Sunday, September 11, 2016
52 Films By Women: After The Wedding (2006)
After The Wedding follows the story of a man named Jacob (Mads Mikkelsen) who helps run an orphanage in India but is called up to negotiate with a businessman in Denmark named Jorgen (Rolf Lassgaard). During his stay, Jacob becomes a guest at Jorgen's daughter's wedding and when he runs into Jorgen's wife (Sidse Babett Knudsen), a labyrinth of secrets and lies becomes revealed.
I love how director Susanne Bier chose to have the film be shot on hand held, giving it a very authentic and documentary feel. It also helps brings back the Dogme 95 movement initiated by Danish filmmakers where they established certain rules to make a film feel closer to real life without the heavy use of special effects or technical gimmicks in order to emphasize on performance and storytelling.
There are key scenes where Bier is able to let the camera and the fast editing do a lot of the talking. One is a scene in the wedding where as the bride is making a toast and a secret becomes inadvertently revealed, the camera quickly cuts back and forth from Mikkelsen to Knudsen. So we are able to realize the twist but we don't need much dialogue to do so. I applaud Bier for not trusting her audience and hardly ever resorting to exposition to explain the ongoing storyline.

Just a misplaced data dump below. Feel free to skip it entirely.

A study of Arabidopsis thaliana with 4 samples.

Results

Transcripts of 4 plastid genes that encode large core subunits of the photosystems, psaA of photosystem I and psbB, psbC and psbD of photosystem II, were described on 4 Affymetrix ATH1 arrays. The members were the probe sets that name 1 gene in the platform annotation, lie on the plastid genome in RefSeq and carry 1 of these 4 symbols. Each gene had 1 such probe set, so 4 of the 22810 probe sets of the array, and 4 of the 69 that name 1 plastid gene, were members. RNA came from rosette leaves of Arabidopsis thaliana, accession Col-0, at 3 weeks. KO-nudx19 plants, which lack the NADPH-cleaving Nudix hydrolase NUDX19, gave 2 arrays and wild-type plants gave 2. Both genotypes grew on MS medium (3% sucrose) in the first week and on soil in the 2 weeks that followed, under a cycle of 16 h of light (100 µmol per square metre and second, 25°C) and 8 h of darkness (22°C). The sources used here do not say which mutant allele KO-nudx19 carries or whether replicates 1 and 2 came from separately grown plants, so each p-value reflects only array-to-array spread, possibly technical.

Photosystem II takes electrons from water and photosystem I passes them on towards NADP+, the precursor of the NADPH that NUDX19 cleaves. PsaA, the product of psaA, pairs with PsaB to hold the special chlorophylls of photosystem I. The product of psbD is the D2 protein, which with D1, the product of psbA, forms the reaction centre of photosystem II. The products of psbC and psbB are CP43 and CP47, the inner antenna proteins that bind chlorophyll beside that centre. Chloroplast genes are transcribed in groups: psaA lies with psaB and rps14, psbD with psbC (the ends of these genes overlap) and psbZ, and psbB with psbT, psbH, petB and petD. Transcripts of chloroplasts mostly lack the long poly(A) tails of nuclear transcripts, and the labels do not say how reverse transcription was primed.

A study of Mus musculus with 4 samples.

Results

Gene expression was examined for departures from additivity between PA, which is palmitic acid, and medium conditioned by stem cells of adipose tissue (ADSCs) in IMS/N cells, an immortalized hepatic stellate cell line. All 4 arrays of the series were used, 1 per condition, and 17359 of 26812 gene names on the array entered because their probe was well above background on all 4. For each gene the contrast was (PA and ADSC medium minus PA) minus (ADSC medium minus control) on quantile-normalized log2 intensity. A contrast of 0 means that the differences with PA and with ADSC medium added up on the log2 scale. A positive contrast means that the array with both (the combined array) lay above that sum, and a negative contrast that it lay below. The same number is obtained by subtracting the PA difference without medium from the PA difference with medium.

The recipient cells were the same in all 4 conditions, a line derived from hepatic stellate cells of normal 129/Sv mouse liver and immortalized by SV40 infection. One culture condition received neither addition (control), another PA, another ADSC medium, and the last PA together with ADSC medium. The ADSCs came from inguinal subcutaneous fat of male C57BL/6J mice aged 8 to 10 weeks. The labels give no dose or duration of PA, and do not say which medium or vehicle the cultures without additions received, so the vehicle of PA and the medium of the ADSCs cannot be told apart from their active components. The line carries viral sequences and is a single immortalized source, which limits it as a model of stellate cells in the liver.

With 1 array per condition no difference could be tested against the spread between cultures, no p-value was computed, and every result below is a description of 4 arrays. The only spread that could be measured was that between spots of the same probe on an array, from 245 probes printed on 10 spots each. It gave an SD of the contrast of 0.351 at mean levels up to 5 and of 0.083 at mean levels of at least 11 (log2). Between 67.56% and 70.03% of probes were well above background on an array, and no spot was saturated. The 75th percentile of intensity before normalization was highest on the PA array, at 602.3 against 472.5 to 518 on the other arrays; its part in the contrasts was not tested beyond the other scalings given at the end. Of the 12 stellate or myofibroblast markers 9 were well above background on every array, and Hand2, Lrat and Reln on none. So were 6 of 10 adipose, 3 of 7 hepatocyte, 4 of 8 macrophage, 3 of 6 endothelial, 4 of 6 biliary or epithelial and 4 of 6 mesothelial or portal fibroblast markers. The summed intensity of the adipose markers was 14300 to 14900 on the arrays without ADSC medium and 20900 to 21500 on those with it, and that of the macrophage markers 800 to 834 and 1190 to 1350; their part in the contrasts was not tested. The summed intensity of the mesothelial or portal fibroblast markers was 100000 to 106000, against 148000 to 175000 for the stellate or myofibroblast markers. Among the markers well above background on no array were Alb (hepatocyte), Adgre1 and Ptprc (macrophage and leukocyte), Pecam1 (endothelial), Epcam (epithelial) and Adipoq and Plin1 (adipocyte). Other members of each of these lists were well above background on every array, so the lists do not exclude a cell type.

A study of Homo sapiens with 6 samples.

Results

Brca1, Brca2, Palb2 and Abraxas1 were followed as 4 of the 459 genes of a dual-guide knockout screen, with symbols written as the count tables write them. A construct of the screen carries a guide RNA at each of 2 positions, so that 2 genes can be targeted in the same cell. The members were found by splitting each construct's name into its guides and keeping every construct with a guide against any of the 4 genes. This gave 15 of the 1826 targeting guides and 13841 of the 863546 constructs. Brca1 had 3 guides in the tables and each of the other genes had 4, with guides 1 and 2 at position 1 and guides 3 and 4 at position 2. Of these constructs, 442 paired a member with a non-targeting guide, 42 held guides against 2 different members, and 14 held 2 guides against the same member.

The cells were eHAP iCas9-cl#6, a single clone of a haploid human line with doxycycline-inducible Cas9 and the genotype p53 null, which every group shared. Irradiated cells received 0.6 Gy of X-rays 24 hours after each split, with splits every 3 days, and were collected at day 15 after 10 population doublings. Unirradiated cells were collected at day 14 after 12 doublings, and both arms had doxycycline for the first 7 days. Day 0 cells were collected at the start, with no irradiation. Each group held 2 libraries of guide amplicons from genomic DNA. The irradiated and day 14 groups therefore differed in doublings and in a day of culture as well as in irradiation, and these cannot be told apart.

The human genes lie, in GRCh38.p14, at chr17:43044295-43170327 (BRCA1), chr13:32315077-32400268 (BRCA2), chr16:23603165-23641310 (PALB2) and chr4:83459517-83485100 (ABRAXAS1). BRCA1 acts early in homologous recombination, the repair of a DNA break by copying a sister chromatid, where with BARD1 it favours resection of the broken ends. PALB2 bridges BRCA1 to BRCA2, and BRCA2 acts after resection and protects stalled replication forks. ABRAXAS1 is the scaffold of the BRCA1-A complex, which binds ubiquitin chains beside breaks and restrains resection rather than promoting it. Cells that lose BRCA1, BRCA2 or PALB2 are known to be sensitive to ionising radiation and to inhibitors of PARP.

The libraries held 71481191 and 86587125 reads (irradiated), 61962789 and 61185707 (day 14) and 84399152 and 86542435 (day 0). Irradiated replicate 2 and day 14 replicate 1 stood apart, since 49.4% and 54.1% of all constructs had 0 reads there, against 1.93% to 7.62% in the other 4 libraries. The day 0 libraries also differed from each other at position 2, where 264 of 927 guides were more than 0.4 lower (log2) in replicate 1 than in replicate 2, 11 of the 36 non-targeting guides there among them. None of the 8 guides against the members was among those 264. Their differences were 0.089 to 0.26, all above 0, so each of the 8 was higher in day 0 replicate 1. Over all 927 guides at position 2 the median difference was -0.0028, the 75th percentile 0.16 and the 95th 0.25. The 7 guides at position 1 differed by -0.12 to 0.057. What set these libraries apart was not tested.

I also want to give credit to the main actors. Mads Mikkelsen is a master at playing people who are refined in the face of chaos like in The Hunt and Casino Royale where he plays the main villain Le Chiffre. Here his refined portrayal is just as masterful. Rolfe Lassgaard to me is a scene stealer as Jorgen, a man who appears well-meaning and has a laid back feel but plays with other people as if they are his puppets. I also want to give a shoutout to Stine Fischer Christensen who plays Jorgen's daughter. In a film about a web of lies and shady secrets, Christensen brings a tremendous amount of heart and honesty.
Overall, After The Wedding is a masterful throwback to an older filmmaking movement that understands the importance of what helps make a movie work so well. In a day and age full of redundant tentpole sequels and unneeded reboots, it is movies like this which give me hope that there are great stories out there waiting to be told.